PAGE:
Commitment to Cancer Research


The Edwin A. Morris Charitable Foundation of Durham and Greensboro has made its largest single gift ever, a million-dollar commitment to the Duke Comprehensive Cancer Center. The gift will combine with an additional $1 million from the Morris Endowment to establish the Morris Center for Urologic Research.

Greensboro apparel manufacturing executive Edwin A. Morris, who died in 1998, established the E.A Morris Endowment at the university in 1986 to support Duke Medical Center's cancer research and facilities. Ralph Snyderman, chancellor for health affairs at the medical center and president and CEO of Duke University Health System, says the gift will fulfill a critical need, encouraging collaboration between basic and clinical scientists that will allow discoveries in the laboratory to be rapidly translated into new therapies for patients.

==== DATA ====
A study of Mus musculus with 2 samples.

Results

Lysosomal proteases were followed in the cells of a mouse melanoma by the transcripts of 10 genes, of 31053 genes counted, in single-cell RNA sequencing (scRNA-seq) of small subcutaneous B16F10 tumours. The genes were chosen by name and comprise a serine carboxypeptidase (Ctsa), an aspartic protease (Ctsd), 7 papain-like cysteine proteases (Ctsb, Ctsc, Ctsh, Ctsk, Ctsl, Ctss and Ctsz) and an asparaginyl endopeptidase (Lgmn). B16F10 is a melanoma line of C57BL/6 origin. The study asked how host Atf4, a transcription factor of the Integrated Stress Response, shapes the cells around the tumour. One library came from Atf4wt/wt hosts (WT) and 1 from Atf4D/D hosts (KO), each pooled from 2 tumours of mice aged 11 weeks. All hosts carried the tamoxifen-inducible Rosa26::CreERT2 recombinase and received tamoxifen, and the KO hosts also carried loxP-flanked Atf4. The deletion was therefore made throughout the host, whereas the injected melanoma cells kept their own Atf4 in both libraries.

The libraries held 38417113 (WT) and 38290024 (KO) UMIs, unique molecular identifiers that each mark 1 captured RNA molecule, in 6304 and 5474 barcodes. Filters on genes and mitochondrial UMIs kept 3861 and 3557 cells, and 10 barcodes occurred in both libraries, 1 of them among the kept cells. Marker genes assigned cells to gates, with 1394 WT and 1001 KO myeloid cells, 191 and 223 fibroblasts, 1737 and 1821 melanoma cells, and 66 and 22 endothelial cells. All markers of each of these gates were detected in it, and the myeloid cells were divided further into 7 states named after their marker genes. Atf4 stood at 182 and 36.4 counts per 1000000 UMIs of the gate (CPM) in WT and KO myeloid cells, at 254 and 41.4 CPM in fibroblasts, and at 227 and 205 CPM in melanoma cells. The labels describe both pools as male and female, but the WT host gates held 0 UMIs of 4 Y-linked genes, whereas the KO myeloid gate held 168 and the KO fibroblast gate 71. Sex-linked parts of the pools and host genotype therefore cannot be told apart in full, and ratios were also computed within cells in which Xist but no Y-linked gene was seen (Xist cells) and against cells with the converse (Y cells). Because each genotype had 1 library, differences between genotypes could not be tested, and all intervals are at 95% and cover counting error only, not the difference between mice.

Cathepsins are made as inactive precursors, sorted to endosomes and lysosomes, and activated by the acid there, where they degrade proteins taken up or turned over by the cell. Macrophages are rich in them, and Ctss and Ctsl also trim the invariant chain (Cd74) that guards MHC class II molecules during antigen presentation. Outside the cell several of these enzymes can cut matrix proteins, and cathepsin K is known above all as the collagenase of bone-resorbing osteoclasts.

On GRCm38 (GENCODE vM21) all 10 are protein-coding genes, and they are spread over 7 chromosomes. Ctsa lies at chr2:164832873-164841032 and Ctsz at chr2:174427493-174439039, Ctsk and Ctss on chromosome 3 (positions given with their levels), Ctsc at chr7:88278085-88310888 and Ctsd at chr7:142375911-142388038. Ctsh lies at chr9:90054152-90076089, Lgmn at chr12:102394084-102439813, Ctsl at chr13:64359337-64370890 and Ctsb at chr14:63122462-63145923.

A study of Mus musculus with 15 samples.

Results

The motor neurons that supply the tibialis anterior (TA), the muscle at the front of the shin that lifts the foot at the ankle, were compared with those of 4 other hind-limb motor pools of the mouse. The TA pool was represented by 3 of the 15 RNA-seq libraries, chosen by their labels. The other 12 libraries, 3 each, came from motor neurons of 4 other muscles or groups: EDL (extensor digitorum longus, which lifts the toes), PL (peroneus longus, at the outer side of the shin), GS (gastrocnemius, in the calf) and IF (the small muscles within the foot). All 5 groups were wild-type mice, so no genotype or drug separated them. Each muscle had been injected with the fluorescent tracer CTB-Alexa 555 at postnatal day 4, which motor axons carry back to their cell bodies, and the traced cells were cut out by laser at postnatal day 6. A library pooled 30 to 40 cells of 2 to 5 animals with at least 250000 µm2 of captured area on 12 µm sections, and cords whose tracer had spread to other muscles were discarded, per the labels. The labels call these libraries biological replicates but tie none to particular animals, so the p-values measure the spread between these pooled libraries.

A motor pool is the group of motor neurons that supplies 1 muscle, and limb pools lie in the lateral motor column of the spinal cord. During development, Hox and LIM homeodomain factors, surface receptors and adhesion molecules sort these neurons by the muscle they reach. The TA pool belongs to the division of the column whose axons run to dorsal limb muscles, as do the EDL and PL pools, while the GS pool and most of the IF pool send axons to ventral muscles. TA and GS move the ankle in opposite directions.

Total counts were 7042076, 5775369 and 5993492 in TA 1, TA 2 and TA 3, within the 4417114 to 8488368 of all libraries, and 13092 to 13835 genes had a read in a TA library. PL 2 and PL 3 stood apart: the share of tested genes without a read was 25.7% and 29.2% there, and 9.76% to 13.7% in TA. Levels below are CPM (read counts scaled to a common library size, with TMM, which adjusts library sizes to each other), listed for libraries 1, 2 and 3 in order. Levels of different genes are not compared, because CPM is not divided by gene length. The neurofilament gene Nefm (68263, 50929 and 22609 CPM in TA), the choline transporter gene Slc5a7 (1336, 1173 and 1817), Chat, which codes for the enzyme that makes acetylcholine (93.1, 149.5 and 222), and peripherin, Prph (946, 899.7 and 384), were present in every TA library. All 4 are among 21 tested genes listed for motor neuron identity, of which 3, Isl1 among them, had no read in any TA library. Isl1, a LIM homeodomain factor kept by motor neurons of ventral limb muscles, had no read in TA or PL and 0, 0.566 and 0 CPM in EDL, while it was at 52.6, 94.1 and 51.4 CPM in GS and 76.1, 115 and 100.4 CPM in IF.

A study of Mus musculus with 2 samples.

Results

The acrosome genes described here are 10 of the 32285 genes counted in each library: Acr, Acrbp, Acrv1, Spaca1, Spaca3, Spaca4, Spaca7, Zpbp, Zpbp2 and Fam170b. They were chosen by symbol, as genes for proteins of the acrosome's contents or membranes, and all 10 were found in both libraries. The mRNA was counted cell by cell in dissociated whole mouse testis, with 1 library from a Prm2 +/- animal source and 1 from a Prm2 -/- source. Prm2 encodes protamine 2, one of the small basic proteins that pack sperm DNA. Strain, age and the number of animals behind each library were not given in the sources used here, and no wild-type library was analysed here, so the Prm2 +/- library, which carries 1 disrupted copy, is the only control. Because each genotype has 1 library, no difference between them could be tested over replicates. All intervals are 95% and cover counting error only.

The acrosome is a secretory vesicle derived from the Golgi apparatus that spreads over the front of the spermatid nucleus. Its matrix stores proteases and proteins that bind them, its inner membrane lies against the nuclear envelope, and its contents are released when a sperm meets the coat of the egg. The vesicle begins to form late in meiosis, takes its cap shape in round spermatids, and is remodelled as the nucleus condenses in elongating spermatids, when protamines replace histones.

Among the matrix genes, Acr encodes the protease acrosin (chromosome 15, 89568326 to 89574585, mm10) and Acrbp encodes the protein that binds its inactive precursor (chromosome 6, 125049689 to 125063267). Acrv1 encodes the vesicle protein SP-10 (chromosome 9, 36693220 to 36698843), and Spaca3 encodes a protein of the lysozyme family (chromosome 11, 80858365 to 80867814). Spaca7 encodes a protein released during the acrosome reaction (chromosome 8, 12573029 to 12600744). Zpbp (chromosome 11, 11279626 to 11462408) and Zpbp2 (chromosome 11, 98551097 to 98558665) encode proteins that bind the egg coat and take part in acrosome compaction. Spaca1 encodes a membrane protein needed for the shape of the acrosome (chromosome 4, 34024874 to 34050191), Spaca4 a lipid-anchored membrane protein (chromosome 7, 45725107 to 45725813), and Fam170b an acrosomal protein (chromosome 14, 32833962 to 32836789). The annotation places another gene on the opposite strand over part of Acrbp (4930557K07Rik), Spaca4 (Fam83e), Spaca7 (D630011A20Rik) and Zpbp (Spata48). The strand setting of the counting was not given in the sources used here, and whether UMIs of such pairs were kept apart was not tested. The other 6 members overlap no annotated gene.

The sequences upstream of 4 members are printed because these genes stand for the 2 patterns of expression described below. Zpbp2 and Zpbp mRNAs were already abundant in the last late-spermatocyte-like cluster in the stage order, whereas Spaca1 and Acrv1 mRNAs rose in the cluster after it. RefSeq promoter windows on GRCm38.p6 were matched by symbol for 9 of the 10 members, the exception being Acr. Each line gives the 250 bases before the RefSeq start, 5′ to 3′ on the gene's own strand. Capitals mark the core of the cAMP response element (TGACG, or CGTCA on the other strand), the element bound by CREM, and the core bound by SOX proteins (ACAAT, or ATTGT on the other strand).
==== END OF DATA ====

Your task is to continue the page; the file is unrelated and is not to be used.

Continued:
"The Morris Center for Urologic Research will have a major impact in advancing our understanding of prostate and other cancers, leading ultimately to new treatments for these devastating diseases," he says. "The center will be a focal point for urologic research, taking advantage of advances in genetics, drug therapies, and basic research to improve human health and sharing knowledge with patients and physicians throughout the world."

Under the direction of Duke surgeon Cary Robertson, the Morris Center for Urologic Research will bring together scientists, surgeons, medical oncologists, radiologists, and other medical professionals by providing seed funds for innovative research projects. These monies will serve as a catalyst for teams of researchers to uncover new diagnostic and therapeutic strategies. The center will also focus on developing new clinical trials to assess the effectiveness of a range of treatments and therapies for urologic cancers.

Morris, the single largest donor in the history of the Duke Comprehensive Cancer Center, gave more than $5 million to fight cancer at Duke. He made his first donation in 1976, when he contributed $1 million toward construction of what was to become the Edwin A. Morris Clinical Cancer Research Building. Today, cancer patients make more than 80,000 visits each year to the Morris Cancer Clinics for treatment or follow-up care.